25 legal fintech lenders accused of unethical debt collection have until Wednesday to respond to allegations

Teething troubles for Indonesian P2P lending as legal aid group files complaint with regulators

Indonesia. Photo from Unsplash.

The Jakarta Legal Aid Institute (LBH Jarkata), an NGO that supports citizens’ rights, has filed a complaint with the Indonesian Financial Services Authority (OJK), signed by more than 1,300 people claiming that they have been the victims of unethical debt collecting methods.

Jeanny Sirait, a spokeswoman from the legal aid group, LBH, told KrAsia that consumer complaints include violations such as dissemination of personal data, intimidation, and even verbal sexual harassment.

According to Sirait, 1,330 complaints were submitted by the end of November, but new complaints are coming in every day.

The booming online lending industry in Indonesia has meant regulators had to spring into action to form a system for oversight and sanctions.

All online lenders must be registered with the OJK and adhere to a code of conduct prepared by the Indonesian Fintech Association. Companies which fail to register are blocked, and those in violation of the code of conduct will be subjected to fines.

OJK has already banned more than 400 platforms that failed to register, which means their websites and apps are no longer accessible. Some of these banned lenders did have shady debt collecting practices, as KrASIA and other media outlets have reported.

What makes the current situation messy is that of the 87 companies implicated by LBH, 25 are actually registered and legal and therefore supposed to be playing by the book.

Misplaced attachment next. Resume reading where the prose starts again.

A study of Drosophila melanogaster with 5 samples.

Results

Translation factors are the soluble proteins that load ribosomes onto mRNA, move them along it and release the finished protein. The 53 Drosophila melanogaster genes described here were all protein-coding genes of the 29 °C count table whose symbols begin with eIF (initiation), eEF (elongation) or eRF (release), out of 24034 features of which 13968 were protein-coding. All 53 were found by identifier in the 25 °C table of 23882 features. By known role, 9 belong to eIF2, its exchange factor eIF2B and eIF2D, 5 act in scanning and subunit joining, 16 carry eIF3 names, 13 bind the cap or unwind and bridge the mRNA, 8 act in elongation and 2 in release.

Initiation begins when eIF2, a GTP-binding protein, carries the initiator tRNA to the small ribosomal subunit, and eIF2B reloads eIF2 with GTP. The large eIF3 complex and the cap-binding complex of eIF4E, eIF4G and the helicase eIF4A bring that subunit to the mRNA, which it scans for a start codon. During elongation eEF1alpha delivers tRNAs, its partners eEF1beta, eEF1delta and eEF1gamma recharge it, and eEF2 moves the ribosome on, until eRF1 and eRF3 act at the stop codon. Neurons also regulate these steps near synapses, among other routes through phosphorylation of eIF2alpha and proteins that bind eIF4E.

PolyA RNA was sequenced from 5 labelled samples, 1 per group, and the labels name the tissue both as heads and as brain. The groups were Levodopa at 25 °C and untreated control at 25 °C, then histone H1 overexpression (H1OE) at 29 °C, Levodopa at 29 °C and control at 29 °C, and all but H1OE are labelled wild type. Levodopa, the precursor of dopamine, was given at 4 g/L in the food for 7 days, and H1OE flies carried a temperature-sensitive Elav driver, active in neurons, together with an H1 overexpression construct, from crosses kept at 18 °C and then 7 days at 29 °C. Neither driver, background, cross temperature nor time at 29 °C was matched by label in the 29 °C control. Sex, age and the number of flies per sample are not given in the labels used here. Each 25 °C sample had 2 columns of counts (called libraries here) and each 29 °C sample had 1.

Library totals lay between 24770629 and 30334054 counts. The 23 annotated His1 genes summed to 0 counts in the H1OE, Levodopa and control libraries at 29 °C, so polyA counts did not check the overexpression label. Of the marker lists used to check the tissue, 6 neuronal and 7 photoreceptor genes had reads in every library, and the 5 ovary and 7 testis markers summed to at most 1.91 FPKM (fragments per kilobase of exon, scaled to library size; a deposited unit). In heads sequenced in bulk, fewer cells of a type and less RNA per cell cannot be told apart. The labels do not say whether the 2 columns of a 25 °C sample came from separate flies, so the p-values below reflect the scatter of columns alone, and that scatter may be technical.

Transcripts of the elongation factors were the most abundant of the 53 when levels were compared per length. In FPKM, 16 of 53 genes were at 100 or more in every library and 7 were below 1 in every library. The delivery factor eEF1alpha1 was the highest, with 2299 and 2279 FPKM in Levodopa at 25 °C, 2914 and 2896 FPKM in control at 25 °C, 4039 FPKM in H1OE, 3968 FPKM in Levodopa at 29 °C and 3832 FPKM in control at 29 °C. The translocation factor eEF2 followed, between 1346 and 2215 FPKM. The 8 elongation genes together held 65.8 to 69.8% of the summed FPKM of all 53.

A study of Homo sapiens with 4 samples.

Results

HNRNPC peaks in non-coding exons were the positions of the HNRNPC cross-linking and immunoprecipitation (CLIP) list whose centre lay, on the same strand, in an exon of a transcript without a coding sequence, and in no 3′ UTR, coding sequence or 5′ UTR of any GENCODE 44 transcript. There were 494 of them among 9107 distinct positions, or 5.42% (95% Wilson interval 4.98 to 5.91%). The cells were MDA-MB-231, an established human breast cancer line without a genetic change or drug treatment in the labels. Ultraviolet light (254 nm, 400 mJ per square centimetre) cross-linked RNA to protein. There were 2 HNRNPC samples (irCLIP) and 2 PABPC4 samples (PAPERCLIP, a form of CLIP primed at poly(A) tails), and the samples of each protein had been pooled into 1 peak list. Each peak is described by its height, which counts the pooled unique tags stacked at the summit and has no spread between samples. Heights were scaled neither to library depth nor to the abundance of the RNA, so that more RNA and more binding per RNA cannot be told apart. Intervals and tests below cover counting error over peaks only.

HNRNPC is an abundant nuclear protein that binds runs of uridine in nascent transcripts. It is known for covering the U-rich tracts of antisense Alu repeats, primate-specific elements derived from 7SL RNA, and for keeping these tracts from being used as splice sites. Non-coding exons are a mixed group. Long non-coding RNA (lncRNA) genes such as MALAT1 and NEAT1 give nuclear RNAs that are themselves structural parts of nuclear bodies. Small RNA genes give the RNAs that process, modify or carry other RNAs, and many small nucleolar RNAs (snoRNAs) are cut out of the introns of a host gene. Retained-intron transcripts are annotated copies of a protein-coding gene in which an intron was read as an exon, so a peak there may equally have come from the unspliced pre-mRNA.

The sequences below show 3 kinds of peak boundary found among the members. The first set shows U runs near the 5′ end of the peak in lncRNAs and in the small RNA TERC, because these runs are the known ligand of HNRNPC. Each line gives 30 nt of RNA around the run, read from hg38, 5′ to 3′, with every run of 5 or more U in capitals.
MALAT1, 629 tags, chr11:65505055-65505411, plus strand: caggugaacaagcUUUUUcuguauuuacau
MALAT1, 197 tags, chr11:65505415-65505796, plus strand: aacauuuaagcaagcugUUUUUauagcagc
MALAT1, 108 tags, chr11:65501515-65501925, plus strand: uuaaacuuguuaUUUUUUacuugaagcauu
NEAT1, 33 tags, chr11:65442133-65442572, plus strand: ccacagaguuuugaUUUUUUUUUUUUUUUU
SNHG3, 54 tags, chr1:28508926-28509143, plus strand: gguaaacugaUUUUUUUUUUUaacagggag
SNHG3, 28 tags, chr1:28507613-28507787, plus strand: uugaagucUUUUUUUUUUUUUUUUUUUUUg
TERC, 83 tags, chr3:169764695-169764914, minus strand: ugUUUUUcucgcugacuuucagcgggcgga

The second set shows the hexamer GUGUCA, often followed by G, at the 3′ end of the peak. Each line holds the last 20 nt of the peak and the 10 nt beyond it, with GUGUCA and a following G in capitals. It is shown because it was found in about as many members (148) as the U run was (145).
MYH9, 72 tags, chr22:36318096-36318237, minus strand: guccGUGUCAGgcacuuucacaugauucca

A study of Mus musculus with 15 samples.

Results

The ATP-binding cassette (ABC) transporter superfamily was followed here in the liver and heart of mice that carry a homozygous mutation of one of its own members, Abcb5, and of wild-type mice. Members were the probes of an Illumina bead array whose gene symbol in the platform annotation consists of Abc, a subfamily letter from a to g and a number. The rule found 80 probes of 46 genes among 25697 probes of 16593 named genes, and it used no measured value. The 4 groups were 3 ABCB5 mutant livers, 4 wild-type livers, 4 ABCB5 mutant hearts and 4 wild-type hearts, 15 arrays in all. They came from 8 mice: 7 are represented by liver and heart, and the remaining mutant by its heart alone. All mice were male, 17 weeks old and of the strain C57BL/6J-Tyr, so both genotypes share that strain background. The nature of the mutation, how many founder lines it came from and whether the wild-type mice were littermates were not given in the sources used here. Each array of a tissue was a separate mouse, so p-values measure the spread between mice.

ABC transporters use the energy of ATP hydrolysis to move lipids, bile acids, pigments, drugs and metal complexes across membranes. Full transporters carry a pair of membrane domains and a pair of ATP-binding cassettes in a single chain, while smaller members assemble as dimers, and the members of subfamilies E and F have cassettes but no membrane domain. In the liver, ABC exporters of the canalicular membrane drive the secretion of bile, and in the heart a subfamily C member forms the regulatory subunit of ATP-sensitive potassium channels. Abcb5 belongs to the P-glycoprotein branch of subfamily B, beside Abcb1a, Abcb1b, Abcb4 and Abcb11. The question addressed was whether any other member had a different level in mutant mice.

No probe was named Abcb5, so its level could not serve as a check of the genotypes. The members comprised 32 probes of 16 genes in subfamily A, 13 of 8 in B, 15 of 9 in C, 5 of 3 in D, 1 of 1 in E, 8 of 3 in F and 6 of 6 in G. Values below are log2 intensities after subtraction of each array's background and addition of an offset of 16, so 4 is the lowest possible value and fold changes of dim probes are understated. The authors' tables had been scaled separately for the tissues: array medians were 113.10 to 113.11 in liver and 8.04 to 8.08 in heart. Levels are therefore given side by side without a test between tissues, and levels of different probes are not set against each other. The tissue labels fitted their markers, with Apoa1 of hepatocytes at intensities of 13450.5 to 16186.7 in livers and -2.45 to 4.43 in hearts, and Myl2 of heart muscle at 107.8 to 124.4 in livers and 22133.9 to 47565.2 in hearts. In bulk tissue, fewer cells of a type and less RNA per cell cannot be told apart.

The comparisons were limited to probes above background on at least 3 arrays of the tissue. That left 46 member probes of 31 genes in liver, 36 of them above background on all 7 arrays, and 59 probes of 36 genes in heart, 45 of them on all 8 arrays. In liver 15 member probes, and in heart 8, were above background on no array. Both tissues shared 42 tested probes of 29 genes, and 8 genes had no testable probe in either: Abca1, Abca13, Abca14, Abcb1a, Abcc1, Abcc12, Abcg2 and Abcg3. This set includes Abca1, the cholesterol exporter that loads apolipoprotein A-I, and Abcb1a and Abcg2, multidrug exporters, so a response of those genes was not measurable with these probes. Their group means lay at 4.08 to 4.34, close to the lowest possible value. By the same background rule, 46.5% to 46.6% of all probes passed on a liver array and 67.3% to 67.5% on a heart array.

The companies got called out include pioneers in the P2P lending space, as well as newcomers. According to an OJK document we obtained, the regulator is giving these 25 companies until December 19 to provide data on all outstanding debt collection processes:

The 25 OJK-registered companies implicated in the legal group’s complaint. Source: OJK letter.

OJK says it’s not responsible for following up on those firms not registered by it, and that LBH must report those to the police instead. LBH insists it does fall under OJK’s responsibility to supervise all fintech firms, including unregistered ones, and that it would sue the regulator if it failed to live up to its duty; which means this dispute could turn into a protracted legal battle.

Indonesia’s current administration and the OJK are keen to establish a flourishing online lending industry, as it’s seen to be able to improve financial inclusion and address Indonesia’s US$57 billion credit gap, which mostly affects small and medium businesses. Kuseransyah, the managing director of Indonesia’s Fintech Association, recently told KrASIA that OJK wants to grow the number of registered online lenders from just over 70 now to 200 by the end of 2019.

On the flip side of P2P lending’s potential to help small businesses and individuals in need, is that easy access to loans also gave rise to fraudulent borrowers and, no doubt, debt collection practices that are on the edge of what’s considered ethical, if not downright illegal, as LBH claims.

Online lending practitioners have told KrASIA that Indonesia’s young P2P lending space currently sees a high number of attempted fraud cases where people apply for multiple loans with different IDs. That’s in part because the underlying technological infrastructure like digital ID and credit scoring are still underdeveloped.

Sirait points out that LBH’s case is not about borrowers who are looking for convenient ways to weasel out of their debt.

“We (LBH) make sure that victims who come to us have good intentions to pay back their loans. These complaints don’t invalidate their obligation to pay back the loan,” she said.

With additional reporting by Khamila Mulia.

Editor: Ben Jiang

Updated on Wednesday, December 19 to include the names of all 25 OJK-registered companies implicated by LBH’s complaint.